Protect your horses with a three-sided shelter
Even if you live in a mild climate, your horses need shelter from the weather. Torrential rains, high winds, mud, or freeze/thaw conditions are all possible in a mild climate. Colder climates also bring ice, snow and sometimes blizzards. In addition to protecting horses from weather, a shelter has to be sturdy and safe enough to withstand the abuse it takes from the horses. If you have limited space and a limited budget, a three-sided shelter maybe the best choice.
Type of shelter
To determine the best three-sided design you’ll need to consider several things. What breed, size and type of horses will be living in the shelter? Different breeds vary in size; some are taller and larger then others. Although there are always exceptions, Arabians are generally smaller then draft horses, Quarter horses are shorter then Thoroughbreds and most ponies are under 14 hands. Some horses and ponies are more high maintenance, prefer to be in a barn and don’t like living outside. Other horses dislike ponies intensely. Some horses prefer to be outside all the time and are happier with more turnout, so a shelter may be perfect for them.
Location of shelter
Your three-sided shelter needs to be positioned on level, flat, high ground. Water should run away from the shed and not towards it, so horses won’t be stuck in standing water or flood waters. The back of the building should be north and west, since the winds are the strongest from this direction and the open part of the shelter can face south and east. The type of soil, drainage facilities, access to electricity, water, other utilities and accessibility also determine the choice of location.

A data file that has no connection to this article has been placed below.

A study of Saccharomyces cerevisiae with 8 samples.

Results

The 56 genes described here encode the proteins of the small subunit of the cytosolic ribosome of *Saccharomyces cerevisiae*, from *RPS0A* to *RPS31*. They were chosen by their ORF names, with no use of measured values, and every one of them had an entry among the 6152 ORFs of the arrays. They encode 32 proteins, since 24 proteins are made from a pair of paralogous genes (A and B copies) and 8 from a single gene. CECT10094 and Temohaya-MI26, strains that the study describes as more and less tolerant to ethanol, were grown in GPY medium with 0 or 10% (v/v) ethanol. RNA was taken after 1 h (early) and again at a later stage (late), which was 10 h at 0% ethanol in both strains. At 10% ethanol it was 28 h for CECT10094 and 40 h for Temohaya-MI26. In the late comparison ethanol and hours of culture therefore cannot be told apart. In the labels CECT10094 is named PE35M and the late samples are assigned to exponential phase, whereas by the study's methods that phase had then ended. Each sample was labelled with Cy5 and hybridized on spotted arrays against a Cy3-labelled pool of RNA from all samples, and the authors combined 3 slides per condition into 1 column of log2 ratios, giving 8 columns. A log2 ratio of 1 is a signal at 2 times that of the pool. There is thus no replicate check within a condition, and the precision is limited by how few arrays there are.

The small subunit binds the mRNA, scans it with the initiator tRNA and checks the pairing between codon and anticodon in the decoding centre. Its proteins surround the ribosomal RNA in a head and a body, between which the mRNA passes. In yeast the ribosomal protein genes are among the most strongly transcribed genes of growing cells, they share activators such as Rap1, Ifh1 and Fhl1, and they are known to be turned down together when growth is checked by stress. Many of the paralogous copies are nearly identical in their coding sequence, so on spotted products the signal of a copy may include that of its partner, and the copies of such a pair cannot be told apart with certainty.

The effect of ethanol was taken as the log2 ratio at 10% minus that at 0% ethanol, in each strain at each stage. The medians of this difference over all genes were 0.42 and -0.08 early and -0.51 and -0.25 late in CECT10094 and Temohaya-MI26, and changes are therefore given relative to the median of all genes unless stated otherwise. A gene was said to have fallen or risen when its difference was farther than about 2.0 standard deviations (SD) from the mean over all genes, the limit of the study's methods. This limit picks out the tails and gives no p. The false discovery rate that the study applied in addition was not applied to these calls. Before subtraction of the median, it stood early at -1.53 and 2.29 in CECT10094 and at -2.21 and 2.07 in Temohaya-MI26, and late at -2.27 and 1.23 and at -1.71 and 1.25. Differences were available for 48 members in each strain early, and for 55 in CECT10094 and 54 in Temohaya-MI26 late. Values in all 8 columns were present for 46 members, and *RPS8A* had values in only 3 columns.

The size of your shelter can partially be determined by the number of horses you have. If you have two horses, the ideal size of the barn would be 12 X 24 feet. A panel can be put in the middle to convert the barn into two stalls. If utilities and storage are located in a larger barn and the shelter is used for extra horses, or foals etc. the design can be smaller and simpler. The shelter will need to be larger to have utilities and storage for hay and feed. And the roof should be high enough so that a tall horse can walk in, and not hit the roof if it throws its head up.
Type of Flooring
Given the varying weather conditions and soil types, concrete may be the best flooring choice, but many people have a dirt floor. Rubber mats may also be put on top of the concrete for added warmth and padding.